The Solomon Islands has seen COVID-19 breach preventative measures having been strictly and effectively enforced by the government with SOE regulations and the good work of the MMHMS and frontline workers.
Yesterday there were initial reports of 169 COVID cases in the community with the concern of other cases arising.
With the Central Field hospital full to near capacity with those suffering from COVID problems and the ever present danger to the transfer of the covid virus, the National Referral Hospital NRH) was forced to restrict entry to protect the patients already confined there with other illnesses.
Those suspected with having contracted the COVID virus have been told to self-quarantine at home- and one hopes such a strategy will work.
It has not yet been made known if the people who are said to have got COVID are suffering from the latest strain of the virus – the Omnicom variant – and the one said to be highly transferrable, but believed less deadly than the earlier Delta variant.
Last week the WHO had the following to say on the Omnicom variant, and I will quote the press release from the UN.
As the Omicron variant of COVID-19 continues to surge across the world, the UN health agency on Tuesday said that it was crucial that more is done to help all countries receive lifesaving coronavirus jabs as quickly as possible.
The development comes as a senior World Health Organization (WHO) epidemiologist repeated the agency’s message that countries could not “boost” their way out of the pandemic, while the Omicron variant was transmitting so “intensely”, just as the Delta variant has done.
“In the context of intense social mixing, in the context of limited use of proven public health measures, in the context of limited vaccination coverage globally…those are conditions that will allow any variant, any virus, to thrive,” Dr Maria Van Kerkhove told BBC radio. “Omicron is taking advantage of that, and so is Delta.”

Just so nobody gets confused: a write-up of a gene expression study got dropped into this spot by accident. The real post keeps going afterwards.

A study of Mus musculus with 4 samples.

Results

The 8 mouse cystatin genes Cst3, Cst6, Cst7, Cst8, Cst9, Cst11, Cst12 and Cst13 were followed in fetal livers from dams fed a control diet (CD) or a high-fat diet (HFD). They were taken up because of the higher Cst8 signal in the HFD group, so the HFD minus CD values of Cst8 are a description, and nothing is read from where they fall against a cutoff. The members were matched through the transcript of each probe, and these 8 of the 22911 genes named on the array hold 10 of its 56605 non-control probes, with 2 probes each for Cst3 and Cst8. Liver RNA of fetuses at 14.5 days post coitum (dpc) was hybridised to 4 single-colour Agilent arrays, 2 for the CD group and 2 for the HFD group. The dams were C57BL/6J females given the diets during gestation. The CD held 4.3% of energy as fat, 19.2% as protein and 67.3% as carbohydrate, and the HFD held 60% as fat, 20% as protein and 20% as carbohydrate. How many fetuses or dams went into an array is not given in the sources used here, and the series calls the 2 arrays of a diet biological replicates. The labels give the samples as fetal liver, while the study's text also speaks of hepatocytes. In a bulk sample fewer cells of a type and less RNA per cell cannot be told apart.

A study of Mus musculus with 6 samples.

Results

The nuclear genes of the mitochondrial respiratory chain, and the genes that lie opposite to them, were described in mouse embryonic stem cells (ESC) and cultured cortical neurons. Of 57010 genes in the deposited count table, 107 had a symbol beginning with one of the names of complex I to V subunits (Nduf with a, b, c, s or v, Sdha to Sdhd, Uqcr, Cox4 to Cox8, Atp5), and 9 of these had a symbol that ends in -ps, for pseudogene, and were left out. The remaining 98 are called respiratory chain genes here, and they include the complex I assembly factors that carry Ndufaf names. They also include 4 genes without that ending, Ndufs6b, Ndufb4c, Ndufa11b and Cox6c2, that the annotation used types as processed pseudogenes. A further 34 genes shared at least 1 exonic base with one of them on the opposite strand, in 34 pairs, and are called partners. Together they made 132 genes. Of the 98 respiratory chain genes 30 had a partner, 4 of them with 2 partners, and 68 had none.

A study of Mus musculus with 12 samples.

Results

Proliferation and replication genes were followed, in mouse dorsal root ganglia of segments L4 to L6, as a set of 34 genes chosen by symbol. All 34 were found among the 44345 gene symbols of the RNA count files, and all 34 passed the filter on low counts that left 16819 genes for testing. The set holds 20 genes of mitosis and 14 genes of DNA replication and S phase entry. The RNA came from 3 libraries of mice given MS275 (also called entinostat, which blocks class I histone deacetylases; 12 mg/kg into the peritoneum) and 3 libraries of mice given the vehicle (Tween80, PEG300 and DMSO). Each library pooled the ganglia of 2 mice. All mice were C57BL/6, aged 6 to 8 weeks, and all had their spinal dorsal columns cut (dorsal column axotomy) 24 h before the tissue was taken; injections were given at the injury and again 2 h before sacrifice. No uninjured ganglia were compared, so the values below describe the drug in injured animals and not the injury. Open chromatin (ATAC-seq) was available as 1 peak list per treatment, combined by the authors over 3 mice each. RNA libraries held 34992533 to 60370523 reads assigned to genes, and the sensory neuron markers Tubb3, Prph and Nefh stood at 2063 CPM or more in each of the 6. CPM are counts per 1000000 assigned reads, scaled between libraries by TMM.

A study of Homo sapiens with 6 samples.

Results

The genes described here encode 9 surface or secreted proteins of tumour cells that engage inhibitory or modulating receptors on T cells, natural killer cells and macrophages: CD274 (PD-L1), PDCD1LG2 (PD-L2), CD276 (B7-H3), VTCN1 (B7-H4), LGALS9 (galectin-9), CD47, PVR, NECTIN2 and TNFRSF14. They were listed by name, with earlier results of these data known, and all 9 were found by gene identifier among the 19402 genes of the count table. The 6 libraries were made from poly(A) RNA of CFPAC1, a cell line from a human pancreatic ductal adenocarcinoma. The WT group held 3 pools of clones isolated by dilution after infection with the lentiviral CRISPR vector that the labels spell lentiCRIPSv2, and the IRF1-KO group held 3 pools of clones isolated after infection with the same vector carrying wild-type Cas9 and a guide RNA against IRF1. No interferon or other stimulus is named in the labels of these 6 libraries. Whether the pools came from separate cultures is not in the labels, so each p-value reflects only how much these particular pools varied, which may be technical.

Global Infections Surge
Before the holiday period, 128 countries reported that they had identified Omicron, the WHO said, during a scheduled press briefing in Geneva.
WHO epidemiologist Dr Abdi Mahamud, told journalists that there was still not enough data available to say whether the Omicron variant is less severe than other coronavirus strains.
He noted that in London, which has been “hit very hard” by spiking numbers of COVID-19 infections, hospitalisation rates were around 20 per cent lower now than they had been in 2020, before vaccinations were available.
“So the main message is, if you are vaccinated, you are protected, but if you are vulnerable or if you have not been vaccinated, this Omicron - however light or mild it may be for others - it could hit you very hard,” he said. “So, vaccination (is) very critical.”
The WHO epidemiologist noted that an increasing number of studies seemed to show that the Omicron variant appeared to affect mostly the upper respiratory tract, causing milder symptoms.
Other strains impact the lungs, and could cause severe pneumonia, he said, but further research was needed to prove this Omicron assessment.
“The challenge has not been the vaccine, but the vaccination of the most vulnerable populations,” he said, before urging more countries to push for 70 per cent vaccine coverage as soon as possible.
Without this level of vaccine protection, the virus “replicates in an environment that’s overcrowded, not ventilated and not vaccinated”, Dr Mahamud continued, describing these types of settings as ideal places for COVID-19 to mutate.
“We saw it in Beta, we saw it in Delta, we saw it in Omicron, so it is in the global interest” to vaccinate 70 per cent of national populations to reduce the impact of the variant, he said.
WHO’s call for vaccine equity is not new and comes as many wealthy countries consider offering a fourth coronavirus vaccine to their populations.
Before Christmas, WHO Director-General Tedros Adhanom Ghebreyesus warned that “blanket booster programmes” were likely to prolong the pandemic “by diverting supply to countries that already have high levels of vaccination coverage, giving the virus more opportunity to spread and mutate”.
The WHO chief stressed that the priority must be on supporting countries to vaccinate 40 per cent of their populations as quickly as possible, and 70 per cent by the middle of 2022.
End of quote.
The quoted piece stresses the importance of vaccinations about the risk of contracting COVID –a message the MHMS and the SI Government has been pushing for months – and a message I have been sharing with readers.
I very much hope Solomon Islands will soon be able to cast aside the new cases of COVID to have occurred and finally the message of getting oneself fully vaccinated will see the vaccination rate among the community rise from just 17 percent to 70 percent or more as the safest precaution for one and all citizens.